When I first met MaryLou, she said her biggest issue was emotional eating. She ate frequently when she wasn’t hungry and felt compelled to eat junk foods when things didn’t go well. That certainly suggests emotional eating, but it could also be the result of other eating issues or subconscious triggers.
Emotional eating is often used as a catchall for any eating that isn’t based on a physical need, such as overeating, eating when you aren’t hungry or eating lots of unhealthy foods. Yet there can be many reasons for these things, and until you have a clear understanding of the real issue you can’t solve it.
More from YourTango: How Cheating On Your Diet Helps You Lose Weight
Emotional Eating is usually associated with 4 distinct eating triggers:
~ emotional repression,
~ emotional deprivation (or restricted rebellion),
~ perceived pressure and
~ unconscious beliefs.
MaryLou was taught at an early age that junk food was bad and that she could only have it for special occasions, like when she had a good report card or on her birthday. On those days, she could have anything she wanted and as much as she wanted. She remembers those events vividly, because she got to indulge in lots of chips, candy, cake and ice cream, and then she often got sick. But it was always worth it to her. Unconsciously, she believed that going on a binge as a reward for doing something well or on special holidays was her right and that feeling terrible afterwards was to be expected. Of course, as an adult, she got to decide what was a special occasion or worthy of a reward, and instead of a few times a year she overindulged a few times a week.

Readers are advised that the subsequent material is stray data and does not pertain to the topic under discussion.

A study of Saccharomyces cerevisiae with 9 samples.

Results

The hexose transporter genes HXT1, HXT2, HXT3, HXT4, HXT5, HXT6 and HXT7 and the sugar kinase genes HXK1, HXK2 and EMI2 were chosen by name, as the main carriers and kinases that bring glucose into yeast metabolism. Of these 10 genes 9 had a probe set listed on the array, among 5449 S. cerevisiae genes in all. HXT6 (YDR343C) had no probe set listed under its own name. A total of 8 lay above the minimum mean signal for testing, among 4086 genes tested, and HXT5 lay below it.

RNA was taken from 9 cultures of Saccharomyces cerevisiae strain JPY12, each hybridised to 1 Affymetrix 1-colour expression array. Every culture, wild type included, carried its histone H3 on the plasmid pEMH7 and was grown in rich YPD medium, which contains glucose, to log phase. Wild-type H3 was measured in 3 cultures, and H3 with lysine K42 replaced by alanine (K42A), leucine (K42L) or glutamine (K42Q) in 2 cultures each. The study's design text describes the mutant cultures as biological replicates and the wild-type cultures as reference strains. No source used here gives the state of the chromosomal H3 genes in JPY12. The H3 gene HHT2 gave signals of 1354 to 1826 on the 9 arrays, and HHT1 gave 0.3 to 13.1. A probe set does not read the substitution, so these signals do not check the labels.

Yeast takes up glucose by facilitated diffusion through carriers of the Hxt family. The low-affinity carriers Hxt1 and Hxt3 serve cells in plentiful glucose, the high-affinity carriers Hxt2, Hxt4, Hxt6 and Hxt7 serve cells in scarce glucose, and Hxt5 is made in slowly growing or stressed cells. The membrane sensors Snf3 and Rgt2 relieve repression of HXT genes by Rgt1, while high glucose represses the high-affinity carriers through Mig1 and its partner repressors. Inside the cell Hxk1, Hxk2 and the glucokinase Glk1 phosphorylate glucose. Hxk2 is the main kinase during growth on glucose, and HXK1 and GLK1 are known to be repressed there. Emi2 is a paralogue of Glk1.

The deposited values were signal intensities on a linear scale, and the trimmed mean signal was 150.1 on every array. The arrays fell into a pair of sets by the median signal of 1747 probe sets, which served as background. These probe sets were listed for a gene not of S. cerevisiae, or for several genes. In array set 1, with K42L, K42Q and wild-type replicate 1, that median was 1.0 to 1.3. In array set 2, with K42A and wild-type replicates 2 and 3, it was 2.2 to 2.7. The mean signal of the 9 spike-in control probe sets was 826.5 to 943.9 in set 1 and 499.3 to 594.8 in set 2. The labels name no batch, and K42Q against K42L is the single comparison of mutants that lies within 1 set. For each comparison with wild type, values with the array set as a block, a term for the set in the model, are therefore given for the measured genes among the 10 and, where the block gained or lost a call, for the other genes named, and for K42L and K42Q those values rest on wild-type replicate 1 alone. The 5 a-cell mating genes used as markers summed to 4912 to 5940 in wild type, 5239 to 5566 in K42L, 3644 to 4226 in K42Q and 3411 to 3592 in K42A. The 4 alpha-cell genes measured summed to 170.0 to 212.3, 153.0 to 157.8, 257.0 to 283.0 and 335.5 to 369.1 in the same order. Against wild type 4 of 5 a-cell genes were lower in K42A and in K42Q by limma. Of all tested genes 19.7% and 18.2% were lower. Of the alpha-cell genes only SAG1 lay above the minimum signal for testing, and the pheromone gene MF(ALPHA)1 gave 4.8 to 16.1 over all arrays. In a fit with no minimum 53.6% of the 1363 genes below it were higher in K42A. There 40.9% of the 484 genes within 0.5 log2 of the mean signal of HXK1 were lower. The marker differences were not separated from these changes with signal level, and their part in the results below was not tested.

More from YourTango: How To Be More Confident In The Bedroom
This is a form of eating driven more by a belief than an emotion, although it can trigger emotions as I will describe with restricted rebellion. Other unconscious beliefs that drive food behaviors include: eating everything on your plate, not wasting food, getting your money’s worth, leftovers are bad, healthy food is too expensive, healthy food doesn’t taste good, and many more. You can probably add a few of your own to this list.
MaryLou’s belief about junk food created a dynamic that led to another type of eating, where she felt emotionally deprived on the days she wasn’t being rewarded or celebrating. As she enforced the rule that she couldn’t have the food she craved except under certain conditions, another part of her rebelled against this rule. That part of her wanted the cookies, chips and chocolate all the time, because it wasn’t sure when the next reward was going to be and felt deprived and restricted by her strict belief. So when she finally did give herself permission to have these foods, she went on a greater binge to make up for feeling deprived between binges.